Question: In spring I planted cilantro and lettuce. Both were doing really well, but now the cilantro is just producing flowers and the lettuce is getting really tall and the leaves have become tough and bitter. Can you tell me why these plants are doing this and what can I do to make them grow tasty leaves again?

Answer: Fresh homegrown vegetables and herbs such as lettuce and cilantro are a wonderful treat. The convenience of being able to pick just what you need is so handy, especially with cilantro, as often the amount you have to buy at the store is much more than your immediate needs.

Carol Dalu

Carol Dalu

When plants such as annuals and vegetables begin producing flowers or seeds prematurely, we say the plant has bolted. But why are they doing this now?

As you mentioned, you planted the cilantro and lettuce in the spring, when the temperatures were cooler, which is just what these plants prefer. Bolting occurs when environmental conditions, such as temperature variation or length of day changes, causing a plant to pass rapidly through its growing season.

A growing season refers to the time of going from seed to seed — they germinate, grow, mature, bloom, produce seeds and die. Bolting is the production of a flowering stem or stems that are usually vigorous extensions of existing leaf-bearing stems.

In order to produce flowering stems, the plant diverts resources away from producing the edible parts in order to produce flowers and seeds for reproduction. Some plants are more inclined to bolt, such as lettuce, cilantro, spinach and brassicas, including broccoli, cabbage and kale.

Bolting can occur as a result of a few factors, including changes in the length of the day, higher temperatures at a certain time in the plant’s growth cycle, or the existence of stress, such as insufficient water. It most frequently occurs when plants that prefer cooler weather, such as lettuce, are set out too late in the year or when unseasonably hot weather rushes the growth cycle.

Once the conditions have been met for a specific plant, it will be triggered to bolt regardless of subsequent changes to temperature or amount of water.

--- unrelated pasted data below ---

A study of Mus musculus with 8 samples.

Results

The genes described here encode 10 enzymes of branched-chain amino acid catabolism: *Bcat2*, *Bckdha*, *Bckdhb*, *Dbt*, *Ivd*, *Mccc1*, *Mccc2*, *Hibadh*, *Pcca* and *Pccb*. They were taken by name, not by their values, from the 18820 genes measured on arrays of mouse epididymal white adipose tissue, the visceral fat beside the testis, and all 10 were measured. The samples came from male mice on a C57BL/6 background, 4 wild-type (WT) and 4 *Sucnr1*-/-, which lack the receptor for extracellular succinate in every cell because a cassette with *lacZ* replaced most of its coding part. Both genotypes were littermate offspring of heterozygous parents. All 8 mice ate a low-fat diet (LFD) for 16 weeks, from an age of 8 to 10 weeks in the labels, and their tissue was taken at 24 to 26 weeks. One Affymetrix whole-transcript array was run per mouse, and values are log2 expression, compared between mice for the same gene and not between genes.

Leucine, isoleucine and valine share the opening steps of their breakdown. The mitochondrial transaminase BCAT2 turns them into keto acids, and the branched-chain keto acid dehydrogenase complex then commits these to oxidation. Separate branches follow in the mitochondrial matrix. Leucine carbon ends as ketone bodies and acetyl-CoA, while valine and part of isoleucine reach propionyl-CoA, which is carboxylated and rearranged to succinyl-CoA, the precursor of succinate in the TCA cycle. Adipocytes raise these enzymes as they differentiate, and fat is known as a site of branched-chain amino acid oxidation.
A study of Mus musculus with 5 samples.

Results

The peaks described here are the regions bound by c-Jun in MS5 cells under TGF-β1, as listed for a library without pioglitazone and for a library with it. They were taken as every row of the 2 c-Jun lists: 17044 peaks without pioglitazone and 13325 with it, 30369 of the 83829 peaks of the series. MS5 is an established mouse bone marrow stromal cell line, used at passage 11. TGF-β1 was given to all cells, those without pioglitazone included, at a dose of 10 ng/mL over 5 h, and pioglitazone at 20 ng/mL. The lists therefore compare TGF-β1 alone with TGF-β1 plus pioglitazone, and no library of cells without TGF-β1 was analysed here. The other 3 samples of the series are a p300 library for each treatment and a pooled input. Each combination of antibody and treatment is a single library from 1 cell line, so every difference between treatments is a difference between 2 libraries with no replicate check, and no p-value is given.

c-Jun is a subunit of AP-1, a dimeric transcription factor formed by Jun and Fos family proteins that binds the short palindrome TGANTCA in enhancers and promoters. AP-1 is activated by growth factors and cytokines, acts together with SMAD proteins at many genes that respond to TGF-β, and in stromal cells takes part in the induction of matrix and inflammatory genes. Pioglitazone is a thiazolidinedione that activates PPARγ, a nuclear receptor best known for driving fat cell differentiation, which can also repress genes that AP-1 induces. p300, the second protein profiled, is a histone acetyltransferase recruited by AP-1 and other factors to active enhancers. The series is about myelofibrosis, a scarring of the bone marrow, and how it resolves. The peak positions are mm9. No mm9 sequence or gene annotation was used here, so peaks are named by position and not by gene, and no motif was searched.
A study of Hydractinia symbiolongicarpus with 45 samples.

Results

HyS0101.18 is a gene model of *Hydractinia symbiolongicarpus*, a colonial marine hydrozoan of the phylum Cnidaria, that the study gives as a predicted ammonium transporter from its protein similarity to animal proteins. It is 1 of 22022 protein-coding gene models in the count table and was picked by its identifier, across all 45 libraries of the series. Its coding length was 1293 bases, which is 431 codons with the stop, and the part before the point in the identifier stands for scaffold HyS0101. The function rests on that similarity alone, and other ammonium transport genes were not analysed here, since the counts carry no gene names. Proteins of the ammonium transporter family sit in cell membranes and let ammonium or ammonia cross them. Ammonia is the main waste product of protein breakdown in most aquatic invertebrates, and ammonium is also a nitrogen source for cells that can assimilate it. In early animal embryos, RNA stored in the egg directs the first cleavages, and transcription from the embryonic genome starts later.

Once lettuce or cilantro has bolted, the process can’t be stopped or undone — the plants have transitioned to flower and seed production mode and no longer produce tender tasty leaves.

However, with cilantro, bolting has a couple of benefits. The delicate, lacy white flowers transform into seeds that can be collected and dried to create the spice coriander. If you are not interested in collecting the seeds, while the flowers are blooming they help attract beneficial insects to the garden.

Just because the plants have bolted during the heat of summer doesn’t mean you can’t continue to grow both of these plants in the garden in the coming months. These plants prefer cooler temperatures, so the growing season is not over just yet. Here are a few helpful tips to continue growing these edibles in your garden:

  • Plant cilantro seeds in the cooler months of spring and late summer/early fall.
  • Plant cilantro seeds in successive batches to ensure fresh cilantro throughout its growing season; it can withstand temperatures down to freezing.
  • When shopping for lettuce seeds look for those that state “slow to bolt” on the package.
  • Plant lettuce in a shadier part of the garden, or tuck behind or under taller plants.
  • Provide regular watering to keep the soil cool and leaves succulent.
  • Some varieties of leaf lettuce can be planted in the winter for spring harvest.

Knowing what plants will likely bolt and the conditions that encourage them can help in determining planting schedules, and to anticipate bolting next summer. And through succession plantings, you can compensate for bolting and continue to have these fresh vegetables and herbs into fall and early winter.

Do you have a gardening question? Contact the Douglas County Master Gardeners via email at douglasmg@oregonstate.edu, by phone at 541-236-3052 or visit 1134 SE Douglas Ave., Roseburg. Douglas County Master Gardeners are trained volunteers who help the OSU Extension Service serve the people of Douglas County.